CSUF News Service
Academic Affairs Provides Funding to Remove Bottlenecks to Student Success
Oct. 7, 2013
Earlier this year, the California State University asked the 23 CSU campuses to submit proposals for programs that would enhance student success and reduce the number of bottleneck courses on campus. Cal State Fullerton rallied to the request, receiving a total of $359,342 in one-time funding for course redesign.
However, many proposals weren't forwarded to the Chancellor's Office due to limits on the number of proposals that could be submitted. This left CSUF with unfunded proposals that the University had interest in pursuing.
The Office of the Provost committed an additional $325,000 in institutional funding so that some of the ideas for course redesign, and academic and student success proposals that didn't make it to the Chancellor's Office for consideration could still be developed.
At a recent meeting, those who had received the earlier CSU funds, as well as those who have received campus support, gathered for a check-in to discuss their projects and share progress updates with their peers.
"A few years back, when I was a vice president at the University of Puerto Rico System, Amgen (a biopharmaceutical company) was looking to establish a plant in Puerto Rico," said Provost José L. Cruz. "When asked what was the one thing he would do to nurture faculty innovation in the life sciences, Amgen's CEO told us: 'get your people together.'
"This is what we're doing here today," Cruz continued. "We're gathering members of our campus community who are fueling our efforts to drive student success."
"The goals of the new campus-funded proposals are similar to those submitted and funded by the CSU," said Ed Sullivan, assistant vice president for institutional research and analytical studies. "We're looking at ideas related to course redesign, supplemental instruction, peer-assisted learning, high-impact practices, success initiatives and more. The common denominator is that everyone has focused on benefiting our students by offering better pathways for learning and success in our rigorous academic programs."
Among the newly funded proposals:
- Economics 201 (Microeconomics)—development of online modules
- Math 135 (Business Calculus)—increased use of technology enhanced learning support
- Accounting 201 AB (Principles of Accounting)—expansion of flipped instructional model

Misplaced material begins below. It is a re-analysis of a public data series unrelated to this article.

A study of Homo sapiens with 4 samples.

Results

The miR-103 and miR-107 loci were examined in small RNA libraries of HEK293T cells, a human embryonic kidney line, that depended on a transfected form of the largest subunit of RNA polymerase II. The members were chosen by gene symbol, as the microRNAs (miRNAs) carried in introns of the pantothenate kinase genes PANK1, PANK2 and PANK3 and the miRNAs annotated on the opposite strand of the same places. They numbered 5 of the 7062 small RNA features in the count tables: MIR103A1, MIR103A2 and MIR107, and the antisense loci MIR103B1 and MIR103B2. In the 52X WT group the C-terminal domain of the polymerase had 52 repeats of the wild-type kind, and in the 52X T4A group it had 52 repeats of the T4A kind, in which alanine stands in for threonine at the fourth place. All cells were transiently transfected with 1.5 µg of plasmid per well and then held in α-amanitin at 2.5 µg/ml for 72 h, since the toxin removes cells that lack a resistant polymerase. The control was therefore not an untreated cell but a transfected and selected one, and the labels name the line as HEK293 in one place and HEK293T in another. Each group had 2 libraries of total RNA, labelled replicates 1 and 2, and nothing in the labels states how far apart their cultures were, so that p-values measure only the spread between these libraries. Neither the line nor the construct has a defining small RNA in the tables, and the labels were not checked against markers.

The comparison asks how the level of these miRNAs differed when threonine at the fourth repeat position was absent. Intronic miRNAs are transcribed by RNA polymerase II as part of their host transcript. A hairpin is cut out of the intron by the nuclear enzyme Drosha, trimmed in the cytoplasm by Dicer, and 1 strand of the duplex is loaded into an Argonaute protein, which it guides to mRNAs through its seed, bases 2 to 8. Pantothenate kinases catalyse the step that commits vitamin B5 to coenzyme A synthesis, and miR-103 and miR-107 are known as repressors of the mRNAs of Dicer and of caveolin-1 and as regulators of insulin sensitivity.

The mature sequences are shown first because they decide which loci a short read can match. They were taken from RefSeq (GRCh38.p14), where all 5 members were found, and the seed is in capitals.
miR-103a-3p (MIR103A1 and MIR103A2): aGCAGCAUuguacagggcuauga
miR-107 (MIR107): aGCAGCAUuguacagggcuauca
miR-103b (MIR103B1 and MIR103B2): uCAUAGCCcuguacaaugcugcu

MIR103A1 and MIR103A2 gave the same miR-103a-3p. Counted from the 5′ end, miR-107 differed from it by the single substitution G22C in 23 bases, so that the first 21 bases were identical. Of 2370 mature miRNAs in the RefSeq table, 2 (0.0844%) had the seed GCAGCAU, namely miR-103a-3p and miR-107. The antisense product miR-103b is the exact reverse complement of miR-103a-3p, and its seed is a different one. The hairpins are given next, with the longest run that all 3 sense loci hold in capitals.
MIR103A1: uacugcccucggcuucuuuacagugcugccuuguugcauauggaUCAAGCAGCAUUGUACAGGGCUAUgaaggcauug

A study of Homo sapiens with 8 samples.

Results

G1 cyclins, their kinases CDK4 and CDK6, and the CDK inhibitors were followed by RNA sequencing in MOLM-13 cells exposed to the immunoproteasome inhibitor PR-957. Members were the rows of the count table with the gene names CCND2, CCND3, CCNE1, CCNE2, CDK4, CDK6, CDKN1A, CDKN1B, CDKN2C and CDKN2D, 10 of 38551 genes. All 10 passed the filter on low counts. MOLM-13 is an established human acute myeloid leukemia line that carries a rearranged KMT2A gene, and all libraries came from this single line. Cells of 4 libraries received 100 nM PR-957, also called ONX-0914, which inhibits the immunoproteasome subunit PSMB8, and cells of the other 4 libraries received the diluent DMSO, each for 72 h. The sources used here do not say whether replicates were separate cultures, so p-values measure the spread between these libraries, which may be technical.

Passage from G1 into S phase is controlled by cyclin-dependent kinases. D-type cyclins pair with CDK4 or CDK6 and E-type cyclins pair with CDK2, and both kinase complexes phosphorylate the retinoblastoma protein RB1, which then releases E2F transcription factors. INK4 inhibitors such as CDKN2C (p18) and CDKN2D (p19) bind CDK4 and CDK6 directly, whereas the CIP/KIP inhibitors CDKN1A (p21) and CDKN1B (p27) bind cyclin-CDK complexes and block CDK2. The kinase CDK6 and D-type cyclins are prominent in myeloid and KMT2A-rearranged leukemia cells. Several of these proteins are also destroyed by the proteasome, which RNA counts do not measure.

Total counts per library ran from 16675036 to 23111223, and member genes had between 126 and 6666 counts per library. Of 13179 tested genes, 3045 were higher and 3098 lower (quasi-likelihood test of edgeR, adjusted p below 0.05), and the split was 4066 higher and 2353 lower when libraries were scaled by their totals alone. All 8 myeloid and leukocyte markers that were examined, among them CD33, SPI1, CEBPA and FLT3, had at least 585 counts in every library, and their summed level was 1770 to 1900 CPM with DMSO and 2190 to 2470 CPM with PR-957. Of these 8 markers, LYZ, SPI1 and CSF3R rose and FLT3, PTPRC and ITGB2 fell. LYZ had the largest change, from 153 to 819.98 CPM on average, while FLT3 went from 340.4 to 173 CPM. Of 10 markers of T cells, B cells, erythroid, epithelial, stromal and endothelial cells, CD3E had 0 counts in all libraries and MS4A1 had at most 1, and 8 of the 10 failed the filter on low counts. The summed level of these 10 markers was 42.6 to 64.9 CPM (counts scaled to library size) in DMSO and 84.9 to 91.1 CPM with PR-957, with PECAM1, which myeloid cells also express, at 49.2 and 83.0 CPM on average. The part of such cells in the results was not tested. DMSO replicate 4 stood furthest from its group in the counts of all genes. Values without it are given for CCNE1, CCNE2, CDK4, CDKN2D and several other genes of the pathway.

- Asian American Studies curricular redesign to embed high-impact practices in the curriculum
- Support for physics course redesign expanding on lessons learned at summer e-academy
Academic and Student Success
- Early detection and intervention supporting success in ISDS 361AB (Quantitative Business Analysis)
- Peer-assisted learning support
- Development of transfer pathways to success
- Support for biological science undergraduate research program
- Support for establishment of a writing coordinator
- Support for a graduation specialist to assist humanities-social sciences candidates
- Provision for CSU e-academy leaders from CSUF to share their findings and best practices within the University
"The check-in meetings provide us with an opportunity to share best practices that can be used across the disciplines," said Sullivan. "We are providing opportunities to enhance communication between departments, colleges and other campus partners."
Some faculty discussed the challenges of developing online courses and how to ensure academic integrity. Others shared perspectives about training of peer mentors.
"These are all great discussion items," said Sullivan. "The point of these meetings is to air these challenges and opportunities and see if we can help one another find an unseen solution."
Some pointed out that computer science student clubs might be interested in helping build platforms for some courses. Others spoke of assistance they received from the Faculty Development Center (FDC), Oasis (Online Academic Strategies and Instructional Support), and Accessible Technology Initiative (ATI).
"We are all coming from different disciplines," said Irena Praitis, professor of English and comparative literature and linguistics who is currently serving as fall 2013 FDC faculty coordinator for innovative and effective technology. "We need to develop new learning environments. We (FDC) can consult with you and discuss the specific course components."
"Another challenge is that each class and instructor is different and has different needs," said Vikki Costa, professor of secondary education. "We have so many tools and choices at our disposal: Titanium, video production, software courses, accessibility rules, MOOC-like modules, face-to-face/online hybrids. That's why a consultation is critical so we can focus on specific concerns."
"These conversations are critical as we move forward," said Sullivan. "We need to share our ideas and recommendations with one another. Ultimately, our students benefit when faculty and staff share information and take it from discussion to practice. Sometimes getting together to discuss a common passion leads to amazing outcomes. I look forward to what our future holds under the guidance of these amazing faculty and staff."